Contact: Guy Lamolinara, Public Afffairs (202) 707-9217; Tamara Swora, National Digital Library (202) 707-6293
October 8, 1996
National Digital Library Program Awards Contract for Digital Conversion
On August 6, 1996, the Library of Congress National Digital Library (NDL) Program, working with the Library's Contracts and Logistics Services, awarded to Preservation Resources the first of several major scanning contracts. This contract is for the production of digital images of selected collections from the Library's extensive holdings of 35mm microfilm.
The contract award is for one year plus four option years, during which time approximately 1 million grayscale and bitonal images are to be produced and made available by the National Digital Library Program over the Internet. The microfilm of the historical collections, which will be scanned for the NDL Program, was produced between 1950 and 1994. The first collection to be scanned under this contract will be the Presidential Papers of George Washington from the Library's Manuscript Division. Other collections to follow will be from the holdings of the Music Division and the Presidential Papers of Thomas Jefferson and Abraham Lincoln, also from the Manuscript Division. Various less extensive collections and individual titles will also be scanned.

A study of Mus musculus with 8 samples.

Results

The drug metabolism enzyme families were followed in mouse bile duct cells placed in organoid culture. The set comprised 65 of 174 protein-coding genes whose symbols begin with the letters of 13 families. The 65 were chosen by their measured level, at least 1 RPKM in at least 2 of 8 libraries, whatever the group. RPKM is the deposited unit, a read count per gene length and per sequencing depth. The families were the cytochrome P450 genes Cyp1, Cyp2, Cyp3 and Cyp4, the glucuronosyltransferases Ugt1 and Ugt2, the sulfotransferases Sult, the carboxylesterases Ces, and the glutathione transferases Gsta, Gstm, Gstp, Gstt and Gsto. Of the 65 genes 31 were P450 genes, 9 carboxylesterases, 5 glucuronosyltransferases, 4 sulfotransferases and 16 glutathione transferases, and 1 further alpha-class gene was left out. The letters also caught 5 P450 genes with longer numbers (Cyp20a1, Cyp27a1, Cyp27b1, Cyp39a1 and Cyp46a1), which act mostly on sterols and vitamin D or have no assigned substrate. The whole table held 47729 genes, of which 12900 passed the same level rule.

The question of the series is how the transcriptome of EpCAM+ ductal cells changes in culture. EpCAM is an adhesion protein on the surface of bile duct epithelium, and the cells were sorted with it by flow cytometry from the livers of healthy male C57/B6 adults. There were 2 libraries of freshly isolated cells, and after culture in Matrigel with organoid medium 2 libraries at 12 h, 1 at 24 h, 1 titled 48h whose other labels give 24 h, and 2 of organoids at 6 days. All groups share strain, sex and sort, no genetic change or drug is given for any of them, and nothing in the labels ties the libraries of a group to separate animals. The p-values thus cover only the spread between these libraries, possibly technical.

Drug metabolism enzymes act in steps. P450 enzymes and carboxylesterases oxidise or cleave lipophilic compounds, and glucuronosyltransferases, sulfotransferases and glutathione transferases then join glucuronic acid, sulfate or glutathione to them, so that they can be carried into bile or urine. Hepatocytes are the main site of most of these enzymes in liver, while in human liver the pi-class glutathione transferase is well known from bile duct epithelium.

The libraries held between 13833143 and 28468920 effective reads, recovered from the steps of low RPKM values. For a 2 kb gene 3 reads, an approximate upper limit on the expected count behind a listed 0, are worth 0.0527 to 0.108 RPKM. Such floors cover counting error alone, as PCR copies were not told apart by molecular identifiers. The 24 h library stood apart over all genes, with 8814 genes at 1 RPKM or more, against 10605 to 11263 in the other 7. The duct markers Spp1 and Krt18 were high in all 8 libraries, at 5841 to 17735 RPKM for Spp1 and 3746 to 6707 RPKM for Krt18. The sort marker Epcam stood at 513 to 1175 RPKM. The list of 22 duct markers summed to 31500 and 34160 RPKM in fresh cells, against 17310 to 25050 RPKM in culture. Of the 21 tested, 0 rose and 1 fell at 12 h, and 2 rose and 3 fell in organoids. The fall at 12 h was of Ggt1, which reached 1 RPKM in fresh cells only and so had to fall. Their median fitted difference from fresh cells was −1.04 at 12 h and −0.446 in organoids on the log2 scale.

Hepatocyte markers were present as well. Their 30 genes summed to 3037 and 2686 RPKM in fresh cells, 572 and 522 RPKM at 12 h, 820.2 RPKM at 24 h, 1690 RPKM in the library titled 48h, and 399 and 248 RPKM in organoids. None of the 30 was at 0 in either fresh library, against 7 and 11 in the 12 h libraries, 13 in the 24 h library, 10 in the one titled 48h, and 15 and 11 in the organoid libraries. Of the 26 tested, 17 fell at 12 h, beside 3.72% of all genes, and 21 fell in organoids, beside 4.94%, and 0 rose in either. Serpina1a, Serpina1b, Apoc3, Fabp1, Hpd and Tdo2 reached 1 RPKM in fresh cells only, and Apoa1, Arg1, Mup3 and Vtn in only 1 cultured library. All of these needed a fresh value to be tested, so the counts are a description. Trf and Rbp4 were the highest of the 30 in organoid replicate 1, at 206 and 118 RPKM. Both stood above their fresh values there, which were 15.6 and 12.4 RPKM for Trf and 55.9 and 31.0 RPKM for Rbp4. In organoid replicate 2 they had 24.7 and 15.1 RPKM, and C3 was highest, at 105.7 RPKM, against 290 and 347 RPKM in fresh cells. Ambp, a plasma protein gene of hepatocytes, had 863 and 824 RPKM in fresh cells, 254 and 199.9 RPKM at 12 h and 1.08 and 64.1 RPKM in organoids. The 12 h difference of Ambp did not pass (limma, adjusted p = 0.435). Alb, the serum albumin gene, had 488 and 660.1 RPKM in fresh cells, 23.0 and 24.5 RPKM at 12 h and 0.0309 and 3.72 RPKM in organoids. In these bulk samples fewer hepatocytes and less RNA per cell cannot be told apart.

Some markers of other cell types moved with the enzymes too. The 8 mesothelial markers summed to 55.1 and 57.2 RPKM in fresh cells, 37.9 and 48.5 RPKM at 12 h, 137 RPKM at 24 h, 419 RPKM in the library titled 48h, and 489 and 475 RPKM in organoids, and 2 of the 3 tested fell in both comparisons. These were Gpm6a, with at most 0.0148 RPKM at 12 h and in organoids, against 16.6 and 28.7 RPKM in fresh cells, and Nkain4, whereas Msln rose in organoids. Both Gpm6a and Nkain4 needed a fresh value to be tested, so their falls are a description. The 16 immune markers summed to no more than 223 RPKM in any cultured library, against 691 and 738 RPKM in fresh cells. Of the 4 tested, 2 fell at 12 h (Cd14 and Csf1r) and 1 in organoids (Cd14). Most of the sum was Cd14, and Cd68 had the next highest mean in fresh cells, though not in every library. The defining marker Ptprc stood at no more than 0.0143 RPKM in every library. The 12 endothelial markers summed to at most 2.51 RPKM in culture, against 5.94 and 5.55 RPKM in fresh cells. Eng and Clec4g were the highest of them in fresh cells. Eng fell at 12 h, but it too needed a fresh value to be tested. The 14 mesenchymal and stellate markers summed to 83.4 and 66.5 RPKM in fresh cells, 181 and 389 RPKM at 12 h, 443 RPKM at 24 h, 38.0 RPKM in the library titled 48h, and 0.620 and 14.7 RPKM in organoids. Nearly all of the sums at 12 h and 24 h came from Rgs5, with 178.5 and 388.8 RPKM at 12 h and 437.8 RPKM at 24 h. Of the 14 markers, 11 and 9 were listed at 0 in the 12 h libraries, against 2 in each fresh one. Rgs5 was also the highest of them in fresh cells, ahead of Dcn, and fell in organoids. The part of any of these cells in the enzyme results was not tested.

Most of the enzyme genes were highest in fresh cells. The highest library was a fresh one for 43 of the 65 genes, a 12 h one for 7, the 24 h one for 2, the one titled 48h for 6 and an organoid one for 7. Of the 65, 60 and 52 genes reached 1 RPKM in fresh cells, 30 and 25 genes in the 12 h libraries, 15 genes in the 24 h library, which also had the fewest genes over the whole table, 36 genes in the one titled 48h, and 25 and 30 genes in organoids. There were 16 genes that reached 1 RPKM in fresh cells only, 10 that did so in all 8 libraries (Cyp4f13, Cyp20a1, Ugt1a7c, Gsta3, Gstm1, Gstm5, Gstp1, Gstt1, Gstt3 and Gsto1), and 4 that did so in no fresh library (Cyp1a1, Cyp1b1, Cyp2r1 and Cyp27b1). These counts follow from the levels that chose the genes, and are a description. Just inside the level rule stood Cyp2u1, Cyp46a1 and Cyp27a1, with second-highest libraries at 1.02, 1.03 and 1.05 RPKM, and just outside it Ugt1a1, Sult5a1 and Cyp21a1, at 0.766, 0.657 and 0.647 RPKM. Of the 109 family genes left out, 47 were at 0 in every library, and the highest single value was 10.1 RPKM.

Preservation Resources, a division of the OCLC Online Computer Library Center, is a not-for-profit organization devoted to the reformatting or conversion of library and archival materials. Originally called MAPS (Mid-Atlantic Preservation Service), the organization was established in 1985 to serve the preservation microfilming needs of five Mid-Atlantic research libraries -- Columbia University Libraries, Cornell University Library,Princeton University Library, New York State Library and the New York Public Library. It has been a division of OCLC Inc. since 1994 and is based in Bethlehem, Pa. The contract award is in full compliance with all provisions of the Federal Acquisition Regulation and the Buy American Act.
Since 1985, Preservation Resources has completed preservation microfilming projects for institutions throughout the country, filming approximately 200,000 volumes, largely for preservation projects supported by the National Endowment for the Humanities' Division of Preservation and Access.
In 1994, Preservation Resources began experimenting with digital imaging and providing scanning services in parallel with its extensive micrographic services. It undertook several research and demonstration projects: scanning issues of a 19th century newspaper from existing microfilm to produce an indexed CD-ROM of the images; a project with the New York Public Library to develop cost models and to evaluate the quality and throughput of currently available microfilm scanners for scanning retrospective microfilm;and a project to film and scan highly illustrated texts with graphics in color and continuous tone.